Fish and Aquatic Life
Chippewa Lake, in the West Fork Chippewa River Watershed, is a 281.94 acre lake that falls in Bayfield County. This lake is managed for fishing and swimming and is currently not considered impaired.
Author Aquatic Biologist
Source: 1971, Surface Water Resources of Bayfield County,WI: WI-DNR Chippewa Lake, T43N, R5W, Section 15
A drained lake at the headwaters of the West Fork Chippewa River. Outlet flow of the stream is estimated to be, normally, 28.0 cubic feet per second. The lake has a fish population consisting of largemouth bass and panfish, however, due to the extreme shallowness, winterkills occur occasionally. The shoreline bottom type is 80 percent muck with scattered areas of sandy gravel, and boulders making up the remaining 20 percent. Tamarack, spruce, tag alder, grasses, and mixed hardwoods make up the vegetation surrounding the lake. Aquatic vegetation is abundant but is not a problem. Muskrat and beaver are common here as well as nesting mallards, blue-winged teal, and loons. Two small privately-owned islands and a rock navigation hazard are present in the northwest bay of the lake. Private development consists of the University of Wisconsin Research Station located on the east shore of the lake. A new federal access on the west side of the lake provides the only public access. The entire lake is in Chequamegon National Forest and State of Wisconsin ownership.
Surface Acres = 319.0, Maximum Depth = 11 feet, M.P.A. = 39 ppm, Secchi Disk = 7 feet
Author Surface Water Inventory Of Wisconsin
Wisconsin has over 84,000 miles of streams, 15,000 lakes and milllions of acres of wetlands. Assessing the condition of this vast amount of water is challenging. The state's water monitoring program uses a media-based, cross-program approach to analyze water condition. An updated monitoring strategy (2015-2020) is now available. Compliance with Clean Water Act fishable, swimmable standards are located in the Executive Summary of Water Condition in 2018. See also the 'monitoring and projects' tab.
Wisconsin's Water Quality Standards provide qualitative and quantitative goals for waters that are protective of Fishable, Swimmable conditions [Learn more]. Waters that do not meet water quality standards are considered impaired and restoration actions are planned and carried out until the water is once again fishable and swimmable
Management goals can include creation or implementation of a Total Maximum Daily Load analysis, a Nine Key Element Plan, or other restoration work, education and outreach and more. If specific recommendations exist for this water, they will be displayed below online.
Monitoring the condition of a river, stream, or lake includes gathering physical, chemical, biological, and habitat data. Comprehensive studies often gather all these parameters in great detail, while lighter assessment events will involve sampling physical, chemical and biological data such as macroinvertebrates. Aquatic macroinvertebrates and fish communities integrate watershed or catchment condition, providing great insight into overall ecosystem health. Chemical and habitat parameters tell researchers more about human induced problems including contaminated runoff, point source dischargers, or habitat issues that foster or limit the potential of aquatic communities to thrive in a given area. Wisconsin's Water Monitoring Strategy was recenty updated.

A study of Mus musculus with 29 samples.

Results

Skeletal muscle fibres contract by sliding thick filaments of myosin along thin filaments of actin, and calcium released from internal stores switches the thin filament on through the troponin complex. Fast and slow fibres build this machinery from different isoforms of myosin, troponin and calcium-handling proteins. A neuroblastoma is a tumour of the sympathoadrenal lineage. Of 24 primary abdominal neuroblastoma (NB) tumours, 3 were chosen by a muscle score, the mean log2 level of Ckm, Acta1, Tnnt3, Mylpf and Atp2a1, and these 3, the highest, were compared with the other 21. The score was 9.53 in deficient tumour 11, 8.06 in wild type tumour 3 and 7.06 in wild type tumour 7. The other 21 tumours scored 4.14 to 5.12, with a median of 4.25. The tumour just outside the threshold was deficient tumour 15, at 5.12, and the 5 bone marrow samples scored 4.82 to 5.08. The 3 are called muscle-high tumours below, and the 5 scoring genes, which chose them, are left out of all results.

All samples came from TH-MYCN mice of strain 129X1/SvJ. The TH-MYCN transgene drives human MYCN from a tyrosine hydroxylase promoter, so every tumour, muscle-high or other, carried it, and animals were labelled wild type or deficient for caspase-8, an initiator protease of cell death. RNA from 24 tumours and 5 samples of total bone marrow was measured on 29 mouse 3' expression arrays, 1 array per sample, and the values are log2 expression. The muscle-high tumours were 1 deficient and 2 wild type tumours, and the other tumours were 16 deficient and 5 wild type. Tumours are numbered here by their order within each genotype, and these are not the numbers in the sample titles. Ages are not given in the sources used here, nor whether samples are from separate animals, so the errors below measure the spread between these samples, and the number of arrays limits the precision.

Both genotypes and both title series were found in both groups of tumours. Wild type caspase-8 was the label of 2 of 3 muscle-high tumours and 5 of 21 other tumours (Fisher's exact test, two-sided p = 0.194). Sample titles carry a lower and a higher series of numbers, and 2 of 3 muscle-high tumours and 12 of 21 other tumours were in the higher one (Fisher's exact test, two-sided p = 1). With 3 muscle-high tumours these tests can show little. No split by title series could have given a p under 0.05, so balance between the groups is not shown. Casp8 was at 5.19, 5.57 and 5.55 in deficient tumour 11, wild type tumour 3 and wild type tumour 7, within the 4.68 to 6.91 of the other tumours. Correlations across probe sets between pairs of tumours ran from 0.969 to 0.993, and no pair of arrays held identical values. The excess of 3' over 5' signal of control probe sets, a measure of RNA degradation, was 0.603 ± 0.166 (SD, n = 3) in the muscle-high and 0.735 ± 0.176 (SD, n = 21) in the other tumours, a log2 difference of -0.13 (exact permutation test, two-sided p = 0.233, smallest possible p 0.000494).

Grants and Management Projects
|WBIC||Official Waterbody Name||Station ID||Station Name||Earliest Fieldwork Date||Latest Fieldwork Date||View Station||View Data|
|2431300||Chippewa Lake||10000888||Chippewa Lake||8/29/2000||9/21/2017||Map||Data|
|2431300||Chippewa Lake||10041330||Chippewa Lake Access||Map||Data|
|2431300||Chippewa Lake||043009||UW Clam Lake (on Chippewa Lake) Field Station Stp||6/27/1975||7/21/1975||Map||Data|
|2431300||Chippewa Lake||10019577||Chippewa Lake -- Access at E Side of Lake||Map||Data|
|2431300||Chippewa Lake||10020979||Chippewa Lake - Deepest Spot||8/6/2007||8/6/2007||Map||Data|
Chippewa Lake is located in the West Fork Chippewa River watershed which is 284.78 mi². Land use in the watershed is primarily forest (62%), wetland (33.60%) and a mix of open (4.30%) and other uses (0%). This watershed has 256.71 stream miles, 6,208.10 lake acres and 60,035.54 wetland acres.
Nonpoint Source Characteristics
This watershed is ranked Low for runoff impacts on streams, Low for runoff impacts on lakes and Low for runoff impacts on groundwater and therefore has an overall rank of Low. This value can be used in ranking the watershed or individual waterbodies for grant funding under state and county programs.However, all waters are affected by diffuse pollutant sources regardless of initial water quality. Applications for specific runoff projects under state or county grant programs may be pursued. For more information, go to surface water program grants.